Hail to the tweet! President Donald Trump is calling out OPEC and telling them now is the time to lower prices. The tweet this time had less of an oil price impact from previous tweets, as many are starting to realize OPEC can’t do much. The President tweeted that “The OPEC Monopoly must remember that gas prices are up & they are doing little to help. If anything, they are driving prices higher as the United States defends many of their members for very little $’s. This must be a two-way street. REDUCE PRICING NOW!”
So, President Trump is using his leverage with the Saudis saying you must replace Iranian oil because we have got your back against your nemesis. The Saudis, of course, must look like any move they make is within the boundaries OPEC and Russia has set. Iran Oil Minister Bijan Namdar Zanganeh said any production increase above limits agreed to by OPEC would “breach” the deal, according to a letter he sent to OPEC President Suhail Al Mazrouei and distributed by the Iran Oil Ministry’s news service Shana. OPEC should reject the U.S. call for a production increase which is “politically motivated against Iran,” he said, as reported by Bloomberg.
With the Trump Administration working toward zero Iranian exports by November, Libyan oil supplies at risk due to clashes with militias, and crashing supply from Venezuela, reports of tightening U.S. supply is keeping oil on edge. Crude oil price continued its drive, hitting $74 a barrel for the first time since that fateful OPEC meeting in November 2014.
All is well in OPEC land. OPEC kept it together with a unanimous deal, even though there is still disagreement on what the deal in Vienna means. Post OPEC, we have a rising dollar on China/U.S. trade tensions and a major Canadian oil sands outage that will buoy U.S. prices.
The historic OPEC NON-OPEC production agreement became known as OPEC plus one. Russia became that plus one as they joined OPEC and conspired with them to reduce production and ultimately raise production and reduce supply. As OPEC meets today it is OPEC minus one. Iran seems to be the lone holdout from a production deal that’s on paper.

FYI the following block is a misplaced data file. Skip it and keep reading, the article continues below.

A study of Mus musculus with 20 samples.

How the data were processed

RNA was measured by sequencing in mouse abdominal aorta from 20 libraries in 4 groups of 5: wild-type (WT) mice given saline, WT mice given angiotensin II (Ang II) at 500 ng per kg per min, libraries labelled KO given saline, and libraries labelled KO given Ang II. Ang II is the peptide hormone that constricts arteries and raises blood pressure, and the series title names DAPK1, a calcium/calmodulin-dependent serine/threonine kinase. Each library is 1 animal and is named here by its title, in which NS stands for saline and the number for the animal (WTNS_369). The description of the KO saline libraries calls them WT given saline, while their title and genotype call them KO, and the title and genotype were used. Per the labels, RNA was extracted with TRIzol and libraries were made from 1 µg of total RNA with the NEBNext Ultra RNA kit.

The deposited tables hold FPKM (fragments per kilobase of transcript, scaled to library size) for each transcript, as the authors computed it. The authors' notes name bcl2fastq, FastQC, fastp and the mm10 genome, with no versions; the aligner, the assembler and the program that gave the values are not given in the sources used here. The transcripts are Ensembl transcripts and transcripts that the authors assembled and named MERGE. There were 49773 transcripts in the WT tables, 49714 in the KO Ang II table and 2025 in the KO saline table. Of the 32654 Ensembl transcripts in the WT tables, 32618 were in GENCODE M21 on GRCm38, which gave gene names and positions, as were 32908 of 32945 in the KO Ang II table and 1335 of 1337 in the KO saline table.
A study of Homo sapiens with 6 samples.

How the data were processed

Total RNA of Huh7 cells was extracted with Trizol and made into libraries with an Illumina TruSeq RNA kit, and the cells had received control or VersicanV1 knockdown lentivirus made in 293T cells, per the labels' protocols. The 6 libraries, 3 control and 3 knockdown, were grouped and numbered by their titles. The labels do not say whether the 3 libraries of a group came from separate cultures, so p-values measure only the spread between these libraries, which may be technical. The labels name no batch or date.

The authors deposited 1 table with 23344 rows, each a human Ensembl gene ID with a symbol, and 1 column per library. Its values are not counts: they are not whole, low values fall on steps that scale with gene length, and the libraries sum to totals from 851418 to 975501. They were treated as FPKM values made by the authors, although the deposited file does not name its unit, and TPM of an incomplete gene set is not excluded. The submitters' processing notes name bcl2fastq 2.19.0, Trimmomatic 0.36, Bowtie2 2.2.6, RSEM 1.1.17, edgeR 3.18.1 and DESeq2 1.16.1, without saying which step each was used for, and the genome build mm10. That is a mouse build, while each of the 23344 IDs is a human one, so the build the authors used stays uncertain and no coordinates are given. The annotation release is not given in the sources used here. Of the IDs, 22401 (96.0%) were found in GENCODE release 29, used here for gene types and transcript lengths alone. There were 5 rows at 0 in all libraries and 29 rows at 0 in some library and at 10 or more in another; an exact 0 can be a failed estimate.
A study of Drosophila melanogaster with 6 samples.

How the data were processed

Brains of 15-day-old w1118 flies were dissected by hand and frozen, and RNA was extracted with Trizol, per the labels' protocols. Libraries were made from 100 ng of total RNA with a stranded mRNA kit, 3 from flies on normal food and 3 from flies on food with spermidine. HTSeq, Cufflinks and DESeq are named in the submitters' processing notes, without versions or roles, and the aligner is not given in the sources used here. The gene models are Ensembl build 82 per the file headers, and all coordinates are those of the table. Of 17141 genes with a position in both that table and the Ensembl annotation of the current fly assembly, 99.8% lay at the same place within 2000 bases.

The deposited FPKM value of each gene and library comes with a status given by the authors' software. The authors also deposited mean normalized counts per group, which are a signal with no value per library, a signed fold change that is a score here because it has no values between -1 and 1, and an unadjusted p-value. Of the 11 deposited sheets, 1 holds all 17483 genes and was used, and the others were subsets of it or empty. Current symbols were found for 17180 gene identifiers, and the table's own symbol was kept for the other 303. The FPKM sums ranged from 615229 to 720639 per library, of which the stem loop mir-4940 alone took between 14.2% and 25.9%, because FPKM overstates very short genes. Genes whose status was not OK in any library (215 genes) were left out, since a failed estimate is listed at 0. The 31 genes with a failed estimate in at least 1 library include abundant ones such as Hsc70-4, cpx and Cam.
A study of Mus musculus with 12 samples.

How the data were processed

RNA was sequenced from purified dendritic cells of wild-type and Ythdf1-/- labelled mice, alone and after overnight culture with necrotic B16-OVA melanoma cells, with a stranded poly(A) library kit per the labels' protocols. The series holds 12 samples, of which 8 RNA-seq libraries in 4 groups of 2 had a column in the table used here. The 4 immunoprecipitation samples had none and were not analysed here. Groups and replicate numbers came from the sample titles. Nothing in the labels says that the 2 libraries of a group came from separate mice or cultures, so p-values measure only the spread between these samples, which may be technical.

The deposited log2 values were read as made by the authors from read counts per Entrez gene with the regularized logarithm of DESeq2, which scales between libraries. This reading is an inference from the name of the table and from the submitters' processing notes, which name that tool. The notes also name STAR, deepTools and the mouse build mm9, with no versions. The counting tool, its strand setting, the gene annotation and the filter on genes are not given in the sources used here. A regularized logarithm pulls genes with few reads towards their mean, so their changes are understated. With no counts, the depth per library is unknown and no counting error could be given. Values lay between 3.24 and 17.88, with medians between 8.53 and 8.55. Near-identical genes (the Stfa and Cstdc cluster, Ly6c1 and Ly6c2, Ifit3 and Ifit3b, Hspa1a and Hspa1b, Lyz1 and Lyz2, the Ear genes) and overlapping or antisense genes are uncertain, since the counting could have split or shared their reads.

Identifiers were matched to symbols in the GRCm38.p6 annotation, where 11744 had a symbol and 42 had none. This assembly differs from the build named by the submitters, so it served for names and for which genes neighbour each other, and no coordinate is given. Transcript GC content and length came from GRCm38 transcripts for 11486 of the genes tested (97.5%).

OPEC speculation and a strong dollar on trade war fears is providing highs and lows on the crude oil market. Oil was rallying on a big 5.9 million barrels draw in inventory, and a record-breaking week for U.S. refiners as they ran a seasonal record 17.7 million barrels a day crude oil last week according to Energy Information Administration data.
It looks like it is going to be a showdown at the OPEC coral as Iran leads the coalition of the not so willing to raise oil production along with Iraq and Venezuela. The coalition of the willing lead by Saudi Arabia and the so-called Plus 1, Non-OPEC Russia seems as committed as ever to raising oil output. Russian Energy Minister Alexander Novak Is pushing for a 1.5-million-barrel increase in output, which is partly a negotiating tactic and partly a concern that the market might become undersupplied in the third quarter.
The anticipation of a drastic shift in OPEC’s mindset is quite puzzling to most when you consider that the previous theme heading into meetings was how much production output could possibly be cut from the market. This focus has suddenly been replaced with anxiety over how much supply could potentially be added back into the market.
Trade war fears are escalating after President Donald Trump hit back against the Chinese by asking his administration to identify $200 billion worth of Chinese goods for additional tariffs at a rate of 10%. This came after markets started to shake off concerns about the United States imposing a 25% tariff on up to $50 billion of Chinese products.